Dry type transformers used for power supply to Vatican museums
Vatican City, one of the busiest travel destinations in the world, is well-known for many reasons. It’s where the Pope lives and addresses visitors every Wednesday. It’s the only foreign country where the Swiss Guard is active, entrusted with the safety of the Pope and Apostolic Palace. And, on the ceiling of the Sistine Chapel, it’s where Michelangelo’s God famously reaches across the sky to give man the power of life.
Considerably less well known are the sophisticated technological systems that silently run in the background of the Vatican, giving the power of life to the electrical supply that in turn, like the Swiss Guard, safeguards these precious institutions, influential people and renowned works of art.
To help the power utility Acea (Azienda Comunale Elettricità e Acque), effectively “run” the Vatican, ABB has supplied six dry transformers to the electrical unit that is responsible for powering the Vatican Museums and Sistine Chapel as well as three dry type transformers for the Auto Parco electrical unit.
Dry transformers are used primarily in metropolitan areas to step down three-phase medium voltage to low voltage for power distribution in the form of interior lights, air-conditioning and computer systems. They are called “dry” because they contain no oil, and were also designed to be used primarily in areas like museums where fire prevention is a top priority.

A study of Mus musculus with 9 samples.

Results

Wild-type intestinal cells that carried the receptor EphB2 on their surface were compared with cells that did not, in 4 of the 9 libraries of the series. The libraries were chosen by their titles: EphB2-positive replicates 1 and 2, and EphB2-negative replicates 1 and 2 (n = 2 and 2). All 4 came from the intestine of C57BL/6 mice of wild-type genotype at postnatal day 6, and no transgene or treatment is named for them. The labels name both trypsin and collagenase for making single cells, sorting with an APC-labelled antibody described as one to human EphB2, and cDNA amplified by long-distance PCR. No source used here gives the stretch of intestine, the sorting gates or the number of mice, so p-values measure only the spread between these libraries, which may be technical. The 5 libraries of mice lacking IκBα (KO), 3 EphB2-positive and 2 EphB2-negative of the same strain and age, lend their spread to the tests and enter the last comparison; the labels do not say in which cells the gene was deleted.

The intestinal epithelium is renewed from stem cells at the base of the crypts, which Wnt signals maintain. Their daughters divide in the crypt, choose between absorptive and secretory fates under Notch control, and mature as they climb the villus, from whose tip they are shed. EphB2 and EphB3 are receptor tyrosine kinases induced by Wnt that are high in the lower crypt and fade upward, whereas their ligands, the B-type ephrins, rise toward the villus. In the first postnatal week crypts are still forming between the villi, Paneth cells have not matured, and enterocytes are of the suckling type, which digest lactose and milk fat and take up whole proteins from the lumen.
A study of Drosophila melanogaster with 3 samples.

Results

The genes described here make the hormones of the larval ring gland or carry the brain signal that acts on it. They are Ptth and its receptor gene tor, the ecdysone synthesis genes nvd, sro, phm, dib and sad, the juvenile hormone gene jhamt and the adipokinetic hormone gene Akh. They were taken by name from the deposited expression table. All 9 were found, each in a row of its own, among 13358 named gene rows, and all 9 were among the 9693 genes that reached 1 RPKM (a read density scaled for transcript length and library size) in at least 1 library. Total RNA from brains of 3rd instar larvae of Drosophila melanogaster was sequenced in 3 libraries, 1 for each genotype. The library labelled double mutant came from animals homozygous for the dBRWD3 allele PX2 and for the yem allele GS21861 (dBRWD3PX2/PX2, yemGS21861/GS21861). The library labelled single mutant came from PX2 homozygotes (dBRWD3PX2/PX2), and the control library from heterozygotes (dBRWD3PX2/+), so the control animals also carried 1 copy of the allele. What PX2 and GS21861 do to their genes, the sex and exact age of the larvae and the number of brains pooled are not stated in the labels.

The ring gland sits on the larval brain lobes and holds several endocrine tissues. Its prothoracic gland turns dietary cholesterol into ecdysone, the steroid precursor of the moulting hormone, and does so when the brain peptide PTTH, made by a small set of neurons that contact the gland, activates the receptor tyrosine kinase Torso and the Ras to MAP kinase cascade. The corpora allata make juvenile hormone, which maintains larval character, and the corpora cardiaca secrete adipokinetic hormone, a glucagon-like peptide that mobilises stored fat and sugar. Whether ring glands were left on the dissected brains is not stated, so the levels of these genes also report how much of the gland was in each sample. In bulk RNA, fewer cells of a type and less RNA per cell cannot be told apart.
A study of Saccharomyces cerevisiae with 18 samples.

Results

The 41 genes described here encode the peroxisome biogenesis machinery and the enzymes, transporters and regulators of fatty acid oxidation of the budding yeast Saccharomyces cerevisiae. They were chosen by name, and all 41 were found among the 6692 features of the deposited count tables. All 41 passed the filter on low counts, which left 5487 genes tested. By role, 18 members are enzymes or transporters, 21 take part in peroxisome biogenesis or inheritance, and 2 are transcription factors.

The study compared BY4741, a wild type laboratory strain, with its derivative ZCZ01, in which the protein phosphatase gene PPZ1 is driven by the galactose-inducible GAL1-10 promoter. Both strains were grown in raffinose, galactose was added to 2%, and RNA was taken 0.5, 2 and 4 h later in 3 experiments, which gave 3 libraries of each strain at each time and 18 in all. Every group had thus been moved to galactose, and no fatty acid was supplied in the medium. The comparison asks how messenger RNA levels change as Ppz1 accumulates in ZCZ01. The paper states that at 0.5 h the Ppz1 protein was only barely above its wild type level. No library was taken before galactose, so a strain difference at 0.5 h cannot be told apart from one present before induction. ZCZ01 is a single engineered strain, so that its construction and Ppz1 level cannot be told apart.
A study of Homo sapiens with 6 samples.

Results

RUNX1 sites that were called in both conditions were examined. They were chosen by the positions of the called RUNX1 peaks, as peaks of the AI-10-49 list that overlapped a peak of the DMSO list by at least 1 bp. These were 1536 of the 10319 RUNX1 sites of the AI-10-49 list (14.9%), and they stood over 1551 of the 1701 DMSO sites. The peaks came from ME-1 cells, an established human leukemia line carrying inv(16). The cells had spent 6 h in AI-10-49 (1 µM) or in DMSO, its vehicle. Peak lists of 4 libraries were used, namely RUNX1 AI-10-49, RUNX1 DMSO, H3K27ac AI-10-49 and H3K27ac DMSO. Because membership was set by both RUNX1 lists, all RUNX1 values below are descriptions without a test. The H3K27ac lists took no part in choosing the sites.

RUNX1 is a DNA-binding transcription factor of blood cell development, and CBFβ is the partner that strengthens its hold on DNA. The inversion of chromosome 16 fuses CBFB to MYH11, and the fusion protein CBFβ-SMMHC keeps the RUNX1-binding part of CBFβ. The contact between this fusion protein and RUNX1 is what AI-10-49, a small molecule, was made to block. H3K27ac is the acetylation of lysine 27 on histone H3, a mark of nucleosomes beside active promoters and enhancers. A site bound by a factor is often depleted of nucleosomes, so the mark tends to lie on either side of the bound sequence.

These transformers are virtually maintenance-free and have several upgraded features, including a high-quality insulation system which can operate at higher temperatures, giving them enormous advantages in durability and overload capacity. These features minimize environmental contamination and fire possibility, making them suited for use in highly sensitive areas that need extra security and the highest levels of safety.
Like the Swiss Guard, that has kept the Vatican’s most high-profile resident safe for 500 years, ABB technology helps empower and secure the Vatican’s most precious treasures and institutions.